In this segment I will determine the few players that the Eagles will likely pursue in the draft at each position of need, and when they will select them.
As we discussed in our positional breakdown of the Eagles and their offseason needs, the Birds don’t have a true number 1 running back that can work all three downs and take pressure off the passing game and Carson Wentz.
The Eagles ask a lot of their running backs- they are expected to be able to block and be a receiver on top of their running duties. While the Eagles are predominantly a pass-heavy team, if they could implement a sturdy number 1 running back then their play-action game and Wentz’s health can only be improved.
Remember how bad the Eagles receivers were during Wentz’s rookie season? They had a bad Nelson Agholor, Jordan Matthews when he dropped every other pass, Dorial Green-Beckham, Paul Turner, and Josh Huff, and Wentz still managed to make plays, and the Eagles were able to win games with a rookie coach and QB.
The next year, they added WR talent and the offense exploded. Wentz was nearly an MVP until his injury, and the Birds got their first ring.
They were also helped through the work of a solid running game in LeGarrette Blount and Jay Ajayi, but Blount is gone and Ajayi probably is, too. This helped take pressure off Wentz and the passing game, while chewing up clock and tiring out defenses. Hence, the need for a stud running game, lead by a stud running back.
The Prospect: Rodney Anderson, RB, Oklahoma
The first running back that we will look at is Rodney Anderson. Anderson is Underdog’s fourth-highest rated RB in the draft, and received an 84.5 rating in the first round of player grades.*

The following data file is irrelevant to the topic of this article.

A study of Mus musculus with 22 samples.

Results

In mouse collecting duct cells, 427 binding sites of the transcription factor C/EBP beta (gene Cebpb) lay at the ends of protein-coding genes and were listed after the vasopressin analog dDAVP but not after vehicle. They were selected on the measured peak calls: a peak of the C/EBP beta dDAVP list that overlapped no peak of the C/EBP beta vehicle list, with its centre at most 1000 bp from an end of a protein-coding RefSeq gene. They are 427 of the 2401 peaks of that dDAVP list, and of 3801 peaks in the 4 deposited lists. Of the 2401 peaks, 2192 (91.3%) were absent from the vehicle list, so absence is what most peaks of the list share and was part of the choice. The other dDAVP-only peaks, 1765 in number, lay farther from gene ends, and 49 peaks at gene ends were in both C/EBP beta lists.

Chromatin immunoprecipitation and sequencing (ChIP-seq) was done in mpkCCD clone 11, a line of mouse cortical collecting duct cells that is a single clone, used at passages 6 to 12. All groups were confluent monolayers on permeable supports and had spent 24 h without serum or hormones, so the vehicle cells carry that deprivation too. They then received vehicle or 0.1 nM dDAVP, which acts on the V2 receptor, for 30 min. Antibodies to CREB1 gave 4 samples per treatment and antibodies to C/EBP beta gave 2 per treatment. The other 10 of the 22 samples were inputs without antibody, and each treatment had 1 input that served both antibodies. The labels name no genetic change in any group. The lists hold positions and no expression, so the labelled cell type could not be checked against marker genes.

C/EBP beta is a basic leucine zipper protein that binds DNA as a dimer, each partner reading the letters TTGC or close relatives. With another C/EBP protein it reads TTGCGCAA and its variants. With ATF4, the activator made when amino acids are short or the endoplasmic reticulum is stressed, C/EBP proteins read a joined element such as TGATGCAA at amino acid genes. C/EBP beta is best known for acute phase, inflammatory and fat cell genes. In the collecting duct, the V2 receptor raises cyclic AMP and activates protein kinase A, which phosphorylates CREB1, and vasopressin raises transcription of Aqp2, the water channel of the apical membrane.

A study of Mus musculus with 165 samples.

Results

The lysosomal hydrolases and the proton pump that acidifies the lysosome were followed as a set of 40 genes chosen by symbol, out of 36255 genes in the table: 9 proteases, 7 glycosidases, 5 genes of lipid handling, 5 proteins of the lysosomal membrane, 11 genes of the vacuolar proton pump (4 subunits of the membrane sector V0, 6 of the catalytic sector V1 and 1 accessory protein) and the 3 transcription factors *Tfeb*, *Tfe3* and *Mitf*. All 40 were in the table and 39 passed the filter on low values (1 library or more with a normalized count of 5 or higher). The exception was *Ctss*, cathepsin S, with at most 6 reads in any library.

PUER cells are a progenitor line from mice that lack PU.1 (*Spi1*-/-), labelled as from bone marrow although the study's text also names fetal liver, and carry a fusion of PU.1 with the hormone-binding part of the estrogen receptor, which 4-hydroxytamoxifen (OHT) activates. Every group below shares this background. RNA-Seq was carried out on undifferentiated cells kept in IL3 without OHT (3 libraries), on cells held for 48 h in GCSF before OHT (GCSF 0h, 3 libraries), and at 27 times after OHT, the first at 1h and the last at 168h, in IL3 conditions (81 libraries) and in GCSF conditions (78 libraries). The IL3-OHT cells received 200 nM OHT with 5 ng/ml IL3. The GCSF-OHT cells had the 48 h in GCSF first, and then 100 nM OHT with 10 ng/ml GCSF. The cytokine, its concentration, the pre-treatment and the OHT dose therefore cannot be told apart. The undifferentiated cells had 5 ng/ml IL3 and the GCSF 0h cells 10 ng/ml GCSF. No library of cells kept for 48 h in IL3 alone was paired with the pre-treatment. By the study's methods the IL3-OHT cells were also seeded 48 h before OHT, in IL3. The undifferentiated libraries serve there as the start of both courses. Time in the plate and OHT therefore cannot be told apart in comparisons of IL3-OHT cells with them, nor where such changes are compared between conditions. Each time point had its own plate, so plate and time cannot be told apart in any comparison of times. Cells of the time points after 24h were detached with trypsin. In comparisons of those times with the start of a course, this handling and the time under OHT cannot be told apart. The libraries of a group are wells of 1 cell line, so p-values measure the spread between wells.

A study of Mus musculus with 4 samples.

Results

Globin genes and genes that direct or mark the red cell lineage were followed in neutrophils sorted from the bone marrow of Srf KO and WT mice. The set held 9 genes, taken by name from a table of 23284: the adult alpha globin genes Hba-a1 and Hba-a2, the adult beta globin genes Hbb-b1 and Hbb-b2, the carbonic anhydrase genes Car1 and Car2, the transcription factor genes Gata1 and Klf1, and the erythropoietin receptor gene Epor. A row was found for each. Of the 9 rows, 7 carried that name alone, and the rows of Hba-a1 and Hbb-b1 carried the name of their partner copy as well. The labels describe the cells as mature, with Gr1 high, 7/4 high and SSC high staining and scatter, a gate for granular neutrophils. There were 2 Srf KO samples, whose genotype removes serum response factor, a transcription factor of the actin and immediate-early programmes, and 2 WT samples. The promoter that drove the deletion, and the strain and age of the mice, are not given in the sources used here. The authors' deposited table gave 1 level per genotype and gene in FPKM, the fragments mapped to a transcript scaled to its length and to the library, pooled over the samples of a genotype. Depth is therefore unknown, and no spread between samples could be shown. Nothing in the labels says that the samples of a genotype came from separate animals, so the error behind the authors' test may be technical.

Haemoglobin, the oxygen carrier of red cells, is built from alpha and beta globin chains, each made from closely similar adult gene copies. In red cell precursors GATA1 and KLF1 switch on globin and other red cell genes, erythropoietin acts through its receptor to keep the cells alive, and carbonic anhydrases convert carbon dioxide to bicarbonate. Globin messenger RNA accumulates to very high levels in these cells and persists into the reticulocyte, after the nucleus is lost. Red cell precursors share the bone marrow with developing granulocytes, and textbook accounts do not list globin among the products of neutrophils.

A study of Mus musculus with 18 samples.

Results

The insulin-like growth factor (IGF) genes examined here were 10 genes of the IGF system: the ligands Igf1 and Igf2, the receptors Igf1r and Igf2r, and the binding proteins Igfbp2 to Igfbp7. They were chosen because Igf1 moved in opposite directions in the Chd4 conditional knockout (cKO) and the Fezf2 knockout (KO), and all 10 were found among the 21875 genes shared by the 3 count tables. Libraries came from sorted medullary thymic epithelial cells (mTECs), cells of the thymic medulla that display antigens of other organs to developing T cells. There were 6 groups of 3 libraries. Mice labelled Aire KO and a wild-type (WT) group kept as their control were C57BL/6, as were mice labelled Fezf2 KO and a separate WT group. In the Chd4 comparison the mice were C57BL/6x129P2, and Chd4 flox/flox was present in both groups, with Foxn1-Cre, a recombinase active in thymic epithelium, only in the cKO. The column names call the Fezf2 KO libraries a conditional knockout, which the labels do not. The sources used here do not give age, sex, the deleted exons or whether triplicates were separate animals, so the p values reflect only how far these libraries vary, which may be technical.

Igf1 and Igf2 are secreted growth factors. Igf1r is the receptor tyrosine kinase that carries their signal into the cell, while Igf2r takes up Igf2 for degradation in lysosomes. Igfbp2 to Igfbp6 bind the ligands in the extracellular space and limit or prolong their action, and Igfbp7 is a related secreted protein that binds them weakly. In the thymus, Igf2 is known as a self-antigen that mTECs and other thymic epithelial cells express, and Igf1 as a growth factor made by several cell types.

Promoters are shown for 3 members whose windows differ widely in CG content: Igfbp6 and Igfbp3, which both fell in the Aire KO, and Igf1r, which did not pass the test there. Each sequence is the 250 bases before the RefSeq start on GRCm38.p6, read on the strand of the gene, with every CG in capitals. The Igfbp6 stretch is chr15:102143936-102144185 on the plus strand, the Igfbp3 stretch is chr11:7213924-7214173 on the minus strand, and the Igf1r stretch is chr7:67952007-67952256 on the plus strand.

Anderson is 6’1″ and just shy of 220 lbs, making him one of the bigger backs in the draft. He doesn’t move like one of the bigger backs, though, as he is has the speed to break off long runs.
*In this segment I’ll offer some of the tape I watched on these prospects (see my big board post to see my rules on each prospect) as well as a highlight reel, if available. This way you can watch what each player is capable of in the highlights, but getting the complete picture of their game through the tape.*
Here is his tape from a 2018 game against Florida Atlantic University (FAU):
Though it’s a short film, Anderson scores twice and contributes in the passing game and also makes a couple nice blocks. At 1:10 in the video, Anderson shows off his vision in the midst of some downfield blocks to find the lane for a TD. At 2:20, he also shows off his speed on the outside, and his ability to run through arm tackles.
Here is another highlight reel from his career:
Oklahoma has a pretty good history of producing running backs for the NFL, including Adrian Peterson, Joe Mixon and Samaje Perine.
Anderson’s biggest concern entering the NFL is his durability, as he has had three season-ending injuries in his four years at Oklahoma. This injury history will absolutely affect Anderson’s draft stock, and Matt Miller predicts Anderson will be drafted in the fifth round.**
*Underdog’s first round of ratings were based on performance on tape, and not on potential or injury history. The grades were out of 100, and the highest rated player received a grade of 96.25 (Nick Bosa), for reference.
**Underdog primarily follows Matt Miller of Bleacher Report regarding mock drafts and draft stock of players, though we have had plenty of differing opinions over the years. This year, for example, Miller has Kentucky EDGE Josh Allen as his 3rd best prospect in the draft, whereas Underdog has him rated at 42. So we take Miller’s opinions as legitimate, but we are not afraid to disagree with our most respected expert opinion.